08 June 2023 #TNB News

Whether it’s five months of rising new van registrations, or the growing zero emission van market, the light commercial vehicle sector (LCV) is showing clear signs of progress in 2023. And with some 25 electric van models currently available for Britain’s fleet operators to choose from, there are a wealth of options and customisations to keep businesses on the move in the transition to decarbonised road transport.

The detail is interesting and hints towards the next steps that are needed: SMMT’s latest figures that cover May show the UK’s number of newly registered vans grew by 15.3%, to 25,359 units. Registrations of the largest vans, weighing greater than 2.5 to 3.5 tonnes, rose by 8.3% to 17,173 units, representing nearly seven in 10 (67.7%) new vans, while deliveries of medium-sized vans weighing more than 2.0 to 2.5 tonnes reached 4,143 units, up 57.2%. Evidently, fleet operators continue to opt for models with larger payloads, and demand for small vans at or below 2.0 tonnes continues to slow, declining by -42.3%.

Meanwhile, the number of newly registered pickups and 4x4s increased by 13.3% and 698.7% respectively, and while the volumes remain small in comparison with vans, it’s proof that a diverse range of LCVs is critical to keeping Britain on the move – with high-performing zero emission models in every segment.

Demand for battery electric vans (BEVs) is reaching new highs, up 15.5%, with 24,000 of these latest vehicles set to join Britain’s roads this year – but despite the advancement following key commitments from manufacturers and operators, uptake remains some distance behind the battery electric car market, where the market share is three times greater.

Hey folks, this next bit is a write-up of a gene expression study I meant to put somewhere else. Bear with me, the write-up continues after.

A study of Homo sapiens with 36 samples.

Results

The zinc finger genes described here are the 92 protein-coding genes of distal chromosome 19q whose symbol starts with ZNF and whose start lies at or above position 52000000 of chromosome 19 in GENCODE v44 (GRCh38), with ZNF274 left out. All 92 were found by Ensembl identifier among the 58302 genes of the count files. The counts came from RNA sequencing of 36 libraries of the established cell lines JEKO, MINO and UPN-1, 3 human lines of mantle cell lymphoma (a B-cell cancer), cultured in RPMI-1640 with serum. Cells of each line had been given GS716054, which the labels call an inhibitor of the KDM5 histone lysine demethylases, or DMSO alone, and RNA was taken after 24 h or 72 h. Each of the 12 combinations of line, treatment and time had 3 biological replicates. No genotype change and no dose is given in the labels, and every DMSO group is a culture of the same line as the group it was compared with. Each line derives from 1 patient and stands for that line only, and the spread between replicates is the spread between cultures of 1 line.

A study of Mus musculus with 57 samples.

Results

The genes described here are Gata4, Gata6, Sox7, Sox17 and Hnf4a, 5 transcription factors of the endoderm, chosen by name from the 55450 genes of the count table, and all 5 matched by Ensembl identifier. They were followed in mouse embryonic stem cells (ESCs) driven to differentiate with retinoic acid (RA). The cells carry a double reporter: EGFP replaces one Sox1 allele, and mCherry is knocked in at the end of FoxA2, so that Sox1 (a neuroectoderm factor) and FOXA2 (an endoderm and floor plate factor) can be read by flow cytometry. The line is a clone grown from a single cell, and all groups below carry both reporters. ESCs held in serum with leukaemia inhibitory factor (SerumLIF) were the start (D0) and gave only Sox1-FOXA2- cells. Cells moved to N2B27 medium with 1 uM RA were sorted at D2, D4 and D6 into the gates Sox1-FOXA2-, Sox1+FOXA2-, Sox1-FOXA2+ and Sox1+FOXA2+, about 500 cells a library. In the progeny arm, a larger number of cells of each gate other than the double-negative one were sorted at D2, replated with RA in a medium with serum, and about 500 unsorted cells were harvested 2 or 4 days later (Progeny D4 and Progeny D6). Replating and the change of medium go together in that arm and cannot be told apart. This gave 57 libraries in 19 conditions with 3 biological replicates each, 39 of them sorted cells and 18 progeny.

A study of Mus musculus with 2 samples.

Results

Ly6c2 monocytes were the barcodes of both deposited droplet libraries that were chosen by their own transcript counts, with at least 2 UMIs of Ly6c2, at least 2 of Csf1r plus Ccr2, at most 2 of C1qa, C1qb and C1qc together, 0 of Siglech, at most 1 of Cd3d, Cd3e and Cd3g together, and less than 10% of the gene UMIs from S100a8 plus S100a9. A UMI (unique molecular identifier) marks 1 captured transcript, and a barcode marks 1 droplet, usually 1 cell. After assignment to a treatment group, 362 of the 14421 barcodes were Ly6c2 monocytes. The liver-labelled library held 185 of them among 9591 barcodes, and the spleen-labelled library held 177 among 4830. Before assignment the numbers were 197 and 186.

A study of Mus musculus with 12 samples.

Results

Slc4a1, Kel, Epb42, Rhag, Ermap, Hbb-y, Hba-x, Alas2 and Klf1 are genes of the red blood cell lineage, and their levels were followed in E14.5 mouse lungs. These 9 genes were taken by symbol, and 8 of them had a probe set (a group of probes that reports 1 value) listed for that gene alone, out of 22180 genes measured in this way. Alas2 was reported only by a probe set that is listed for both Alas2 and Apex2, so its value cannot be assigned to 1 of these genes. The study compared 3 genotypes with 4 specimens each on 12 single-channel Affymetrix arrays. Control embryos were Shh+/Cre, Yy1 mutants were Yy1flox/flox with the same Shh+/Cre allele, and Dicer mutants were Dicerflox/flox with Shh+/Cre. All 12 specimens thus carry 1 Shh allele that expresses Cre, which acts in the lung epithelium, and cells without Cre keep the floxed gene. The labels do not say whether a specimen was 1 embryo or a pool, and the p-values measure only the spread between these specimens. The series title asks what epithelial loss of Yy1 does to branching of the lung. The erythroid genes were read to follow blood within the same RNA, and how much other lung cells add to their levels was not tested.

Given that larger vans are becoming more important to van operations, LCV-dedicated public charging infrastructure is all the more necessary, as charging bays that are designed for cars are not guaranteed to be suitable for larger sized vehicles and battery demands. Charging anxiety is the greatest barrier to increased BEV fleet renewal.

It is so important that the UK plans ahead to deliver the green LCV transition, and many solutions are shared with the car sector, such as simplified planning processes for public chargepoint installations, speedier grid connections, and a comprehensive network of reliable, affordable and suitable chargepoints. Regulated infrastructure targets that match new vehicle registration targets that will be set by the forthcoming Zero Emission Vehicle Mandate, meanwhile, would guarantee that Britain’s wide range of BEVs can meet the business-specific needs of operators. It’s clear that car sector investment is on the way, and the van sector must not be left behind, else it will hold back the UK’s wider green goals.

Just as the van and car sectors have shared solutions, so does the UK with its European neighbours, and last week I attended the International Association of the Body and Trailer Building Industry (CLCCR) Board of Directors meeting in Berlin, where SMMT holds a seat to represent the UK.

CLCCR is one example of how SMMT represents the interests of its members and the wider UK industry at international level, as well as, for example, engaging with the European Commission and UNECE in Geneva. SMMT members have a key role in shaping the UK’s position in international regulatory forums affecting commercial vehicles, heavy trailers and buses and coaches – an important benefit of becoming an SMMT member.

A range of topics were discussed in Berlin, including plans for targets to reduce trailer emissions via the Vehicle Energy Consumption Calculation Tool (VECTO), which manufacturers will be required to use in future to confirm the likes of body dimensions, tire parameters, weights and more. CLCCR has produced a short film that explains the CO2 certification for trailers but, as always, SMMT is here to help its members to navigate what is a rapidly changing business environment.